Learn about the essentials of how clinical trials are conducted and how to collaborate with a patient who might be a candidate.
Clinical trials and studies, which are essential to the development of new drugs and treatments, need to be conducted under strict ethical, clinical and investigational structures.
The most common are investigational trials with new medications or new devices. There are also studies involving outcome measurements and those looking at how people most effectively manage disease.
With investigational medications, there are four phases of human trials, which begin after pre-clinical work testing compounds in the lab and with animal research.
Clinical trial phases
Phase 1 trials, the first in human trials, looks at the appropriate dosing for a new compound. Phase 1 trials have the smallest number of patients enrolled and are the shortest in duration. If the compound is found to be safe in humans and an appropriate dose is found, the Food and Drug Administration (FDA) will approve the compound to move to a Phase 2 trial.
The purpose of Phase 2 trials is to look at the safety of a compound. The trial is bigger than Phase 1 and lasts longer. If the compound dose is identified and found to be safe, the FDA will approve the compound to move to Phase 3.
Phase 3 trials can last up to a few years and enroll several thousand participants. The focus of Phase 3 trials is to look at effectiveness while still collecting safety information on a product. The FDA can approve a compound after a Phase 3 trial.
The FDA occasionally will require a company to complete a Phase 4 trial, which is real-world data collection after a compound is approved.
Emergency use authorization
The FDA also can OK drugs for emergency use authorization without the usual clinical trials during public health emergencies. In recent examples, the FDA gave emergency use authorization for COVID-19 treatments, and for vaccines for COVID-19 and mpox (the virus formerly known as monkeypox).
With an emergency use authorization, people are able to receive a product that is not FDA approved for a specific use.
In clinical research of investigational drugs, the FDA often approves a treatment for adults first. Because these drugs have not been proven safe and effective for children, they need to go through separate investigational trials for a pediatric population, using weight-based dosing.
Clinical trial management
Running clinical trials requires an infrastructure able to manage them.
At Norton Healthcare, the process begins with the protocol, informed consent and recruitment materials being submitted to an independent review board. The legal team vets the clinical trials agreement with patient safety in mind, and the clinical staff needs specialized training covering aspects of the trial and possible side effects of the investigational treatment.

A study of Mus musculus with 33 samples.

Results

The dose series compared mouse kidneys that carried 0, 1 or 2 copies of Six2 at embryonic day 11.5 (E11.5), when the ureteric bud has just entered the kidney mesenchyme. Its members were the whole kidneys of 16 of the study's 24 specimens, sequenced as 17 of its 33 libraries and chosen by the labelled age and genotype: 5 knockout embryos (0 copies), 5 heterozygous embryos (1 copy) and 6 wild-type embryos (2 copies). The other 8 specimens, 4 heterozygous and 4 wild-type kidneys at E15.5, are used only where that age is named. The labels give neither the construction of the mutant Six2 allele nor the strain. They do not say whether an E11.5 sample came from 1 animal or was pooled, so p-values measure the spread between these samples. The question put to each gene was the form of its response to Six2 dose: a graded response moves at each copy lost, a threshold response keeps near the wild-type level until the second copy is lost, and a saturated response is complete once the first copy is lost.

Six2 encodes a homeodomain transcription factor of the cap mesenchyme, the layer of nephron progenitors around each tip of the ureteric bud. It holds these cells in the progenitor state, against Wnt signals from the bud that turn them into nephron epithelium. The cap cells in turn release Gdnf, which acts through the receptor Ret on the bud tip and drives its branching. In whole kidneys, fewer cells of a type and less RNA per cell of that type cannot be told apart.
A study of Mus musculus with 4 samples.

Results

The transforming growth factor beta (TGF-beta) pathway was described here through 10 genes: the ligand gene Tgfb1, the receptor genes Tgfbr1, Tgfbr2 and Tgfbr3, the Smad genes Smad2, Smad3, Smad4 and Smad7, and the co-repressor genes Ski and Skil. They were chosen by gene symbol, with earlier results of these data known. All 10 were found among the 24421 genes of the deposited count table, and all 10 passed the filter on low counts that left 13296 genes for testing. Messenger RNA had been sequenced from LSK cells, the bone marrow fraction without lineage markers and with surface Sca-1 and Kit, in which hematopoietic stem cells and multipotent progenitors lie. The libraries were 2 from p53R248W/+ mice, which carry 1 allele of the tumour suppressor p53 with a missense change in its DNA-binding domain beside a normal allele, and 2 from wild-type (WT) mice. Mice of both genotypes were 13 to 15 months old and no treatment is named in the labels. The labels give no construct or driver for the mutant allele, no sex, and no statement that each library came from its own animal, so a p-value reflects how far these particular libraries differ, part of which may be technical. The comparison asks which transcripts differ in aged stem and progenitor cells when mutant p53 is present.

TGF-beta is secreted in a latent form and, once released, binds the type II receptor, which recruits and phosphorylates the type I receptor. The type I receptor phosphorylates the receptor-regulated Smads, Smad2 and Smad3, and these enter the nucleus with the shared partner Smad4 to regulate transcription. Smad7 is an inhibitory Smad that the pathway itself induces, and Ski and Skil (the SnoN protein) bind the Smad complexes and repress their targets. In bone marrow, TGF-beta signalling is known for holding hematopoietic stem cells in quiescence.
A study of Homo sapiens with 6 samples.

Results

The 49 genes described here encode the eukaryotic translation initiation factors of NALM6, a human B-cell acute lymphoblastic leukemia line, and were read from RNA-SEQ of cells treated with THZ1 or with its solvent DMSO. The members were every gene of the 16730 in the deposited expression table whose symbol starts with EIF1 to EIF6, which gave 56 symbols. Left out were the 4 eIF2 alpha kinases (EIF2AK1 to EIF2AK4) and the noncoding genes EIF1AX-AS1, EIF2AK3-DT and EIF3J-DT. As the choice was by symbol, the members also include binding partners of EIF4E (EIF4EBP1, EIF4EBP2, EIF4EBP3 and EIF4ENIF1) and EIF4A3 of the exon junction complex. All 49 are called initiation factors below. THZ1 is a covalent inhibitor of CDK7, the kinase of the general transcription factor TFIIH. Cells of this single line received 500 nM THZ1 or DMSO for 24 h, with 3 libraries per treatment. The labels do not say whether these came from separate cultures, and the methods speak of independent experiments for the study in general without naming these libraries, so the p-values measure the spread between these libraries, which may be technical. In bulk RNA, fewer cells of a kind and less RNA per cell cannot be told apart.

When patients are trying to decide whether to join a clinical trial, the most important step they can take is to closely review the consent form, which explains the purpose of the trial, the number of visits that occur, and the potential side effects and risks, according to Marti Gardner, MSN, RN, CCRC, system director of clinical research operations at Norton Healthcare.
Participation in trials are always optional for patients, and people can withdraw participation at any time. It’s important that they know what the trial will entail before joining.
Providers, too, should read the consent form and go over it with patients when discussing whether the trial is a good option. Providers also can call the trial’s principal investigator to discuss a potential participant’s history or other medical conditions that might affect eligibility for the trial, according to Marti’s remarks on a recent episode of “MedChat,” a continuing medical education podcast.
Providers with patients who are looking for all open clinical trials can search ClinicalTrials.gov, a federal government website that lists all ongoing trials. Current enrolling clinical trials at Norton Healthcare are listed on NortonHealthcare.com and NortonChildrens.com.
Clinical trials are successful only when a sufficient number of patients have been recruited, and providers play an important role in identifying potential participants.
The most effective trials for learning about a new compound are those with a diverse patient population. Including people of different races and ethnicities in clinical trials is imperative, because genetic makeup can affect how effective drugs are and how they are metabolized.
Providers also should ask patients if they are in a trial so they don’t inadvertently prescribe a contraindicated medication that could cause them harm.
“Some health care systems like Norton Healthcare have a flag in their electronic records that any provider in our system can see if someone is involved in a trial, but if you’re not in a large system that uses such a tool, it’s just important to have that open conversation with your patients,” Marti said.
MedChat is produced by Norton Healthcare's Center for Continuing Medical Education to provide evidence-based information with continuing medical education credit.